4/365

Bunking classes does not come naturally to me. I’ve never found the need to wander out of class and play on the field, much to the displeasure of my peers in Physics. College’s attendance requirement of 70% (really relaxed), meant that that wouldn’t change.

Until I did the Math, that is. I figured I could bunk 10 lectures without ruining my attendance, and more if I chose to claim exemptions from the committees I had done work for. Math is a strange thing. It confuses you with it’s conclusions until you understand it. And when you do, it inspires you and fills you with both joy and confidence.

That’s precisely what happened to me. Once it dawned on me, 10 became my number. I set up an elaborate sheet with colour coding and formulae for auto-fill on Excel to track my attendance per class and alert me when I breached my safe bunks, and started to miss class where I felt I had more pressing work.

This is problematic for two reasons. My attitude toward the concept of ‘classes’ changed. They stopped being intense bursts of information reception, and started to become monotonous drones of mind-numbing (in a negative manner) revelations. Which led to a dispassion for the subjects being taught, and a subsequent reduction in my enthusiasm. All of which was unaided by the droning lecturers, save few.

Two, I started attending for attendance. For a brief period in my second semester, I concentrated more on the five minutes of roll-call than the fifty minutes of class. This created a situation of having to learn stuff afresh while studying, rather than relying on recall to aid examination preparation.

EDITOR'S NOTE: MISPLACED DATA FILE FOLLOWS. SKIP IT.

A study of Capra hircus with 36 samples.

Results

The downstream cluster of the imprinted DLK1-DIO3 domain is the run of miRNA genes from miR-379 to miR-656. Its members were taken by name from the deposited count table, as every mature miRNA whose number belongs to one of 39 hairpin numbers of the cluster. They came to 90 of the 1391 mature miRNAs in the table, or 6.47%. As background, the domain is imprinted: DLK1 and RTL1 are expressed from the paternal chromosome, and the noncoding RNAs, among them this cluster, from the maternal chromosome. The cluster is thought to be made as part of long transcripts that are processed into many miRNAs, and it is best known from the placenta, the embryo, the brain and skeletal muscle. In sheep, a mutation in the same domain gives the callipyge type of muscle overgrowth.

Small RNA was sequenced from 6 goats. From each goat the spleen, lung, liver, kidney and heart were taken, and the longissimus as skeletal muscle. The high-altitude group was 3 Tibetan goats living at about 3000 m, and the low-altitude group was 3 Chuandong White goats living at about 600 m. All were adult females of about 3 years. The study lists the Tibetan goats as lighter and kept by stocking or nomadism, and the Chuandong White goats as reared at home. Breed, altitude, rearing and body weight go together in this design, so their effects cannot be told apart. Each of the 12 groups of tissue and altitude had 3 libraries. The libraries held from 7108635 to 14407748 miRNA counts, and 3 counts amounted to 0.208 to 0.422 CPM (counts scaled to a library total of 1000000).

I’m glad I realized this early.

This philosophizing (not really), which took place over the course of two weeks, meant that I began appreciating class a lot more. Over the course of second and third semester, I found a balance between attending classes and taking a day off. To catch up with sleep, or something. The enthusiasm returned and I began liking things more.

Some of my seniors have bets running on when college will suck my enthusiasm away. To my naysayers, I say, call off the bet. And to my supporters (of which there should be scores), I say, increase the stakes. Win some more.

Safe to say all of this writing comes on a day I’ve bunked for moot work. But hey. I have the balance, I think.

Here’s to seven more semesters of being on edge when they declare attendance for the semester. It’s an anxiousness I despise, but a thrill I enjoy – everyone is supportive on ‘declaration day’, and everyone will help you evade a ‘back’.